Microsoft Office Tutorials and References
In Depth Information
Chapter 7: Using Basic Math Functions
1. Enter some numbers in a worksheet.
These numbers can be both integer and real (decimal) values. You can
add labels to adjacent cells to identify the values, if you want.
2. Position the cursor in the cell where you want the results to appear.
3. Enter =SUM ( to begin the function entry.
4. Click a cell where you entered a number.
5. Enter a comma ( ,).
6. Click a cell where you entered another number.
7. Repeat Steps 5 and 6 until all the numbers have been entered into the
function.
8. Type a ), and press the Enter key.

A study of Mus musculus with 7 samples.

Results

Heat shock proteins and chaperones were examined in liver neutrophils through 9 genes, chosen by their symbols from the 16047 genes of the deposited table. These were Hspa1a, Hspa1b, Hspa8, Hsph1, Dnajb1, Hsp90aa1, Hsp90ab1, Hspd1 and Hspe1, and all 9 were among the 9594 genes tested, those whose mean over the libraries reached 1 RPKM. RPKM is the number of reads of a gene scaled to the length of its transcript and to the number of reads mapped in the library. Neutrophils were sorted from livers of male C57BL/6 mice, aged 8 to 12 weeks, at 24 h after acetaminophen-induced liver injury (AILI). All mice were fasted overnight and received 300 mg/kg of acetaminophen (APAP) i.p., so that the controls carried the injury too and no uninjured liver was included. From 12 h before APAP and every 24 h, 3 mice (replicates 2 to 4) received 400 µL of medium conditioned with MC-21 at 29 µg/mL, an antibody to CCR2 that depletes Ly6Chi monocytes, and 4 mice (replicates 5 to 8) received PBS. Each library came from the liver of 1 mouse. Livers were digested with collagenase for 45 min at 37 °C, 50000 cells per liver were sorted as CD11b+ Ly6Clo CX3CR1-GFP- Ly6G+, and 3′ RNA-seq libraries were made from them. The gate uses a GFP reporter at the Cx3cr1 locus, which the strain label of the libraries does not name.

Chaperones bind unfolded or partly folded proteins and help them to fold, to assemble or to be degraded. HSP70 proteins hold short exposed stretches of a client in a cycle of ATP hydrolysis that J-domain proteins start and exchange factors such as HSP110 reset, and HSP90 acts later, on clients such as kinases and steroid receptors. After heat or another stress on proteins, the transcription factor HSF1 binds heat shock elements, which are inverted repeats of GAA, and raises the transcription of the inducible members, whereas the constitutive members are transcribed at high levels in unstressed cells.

Figure 7-1 shows an example of how these steps help sum up amounts that
are not situated next to each other on a worksheet. Cell F6 contains the sum
of values found in cells C2, E2, G2, and I2.
Figure 7-1:
Using
the SUM
function to
noncontiguous
numbers.
Using SUM is even easier when the numbers you’re adding are next to each
other in a column or row. The SUM function lets you enter a range of cells in
place of single cells in the arguments of the function. So adding a list of
contiguous numbers is as easy as giving SUM a single argument. Here’s how you
enter a range as a single argument:
1. Enter some numbers in a worksheet.
Be sure the numbers are continuous in a row or column. You can add
labels to adjacent cells to identify the values, if desired, but this doesn’t
affect the SUM function.
2. Position the cursor in the cell where you want the results to appear.
3. Enter =SUM( to begin the function entry.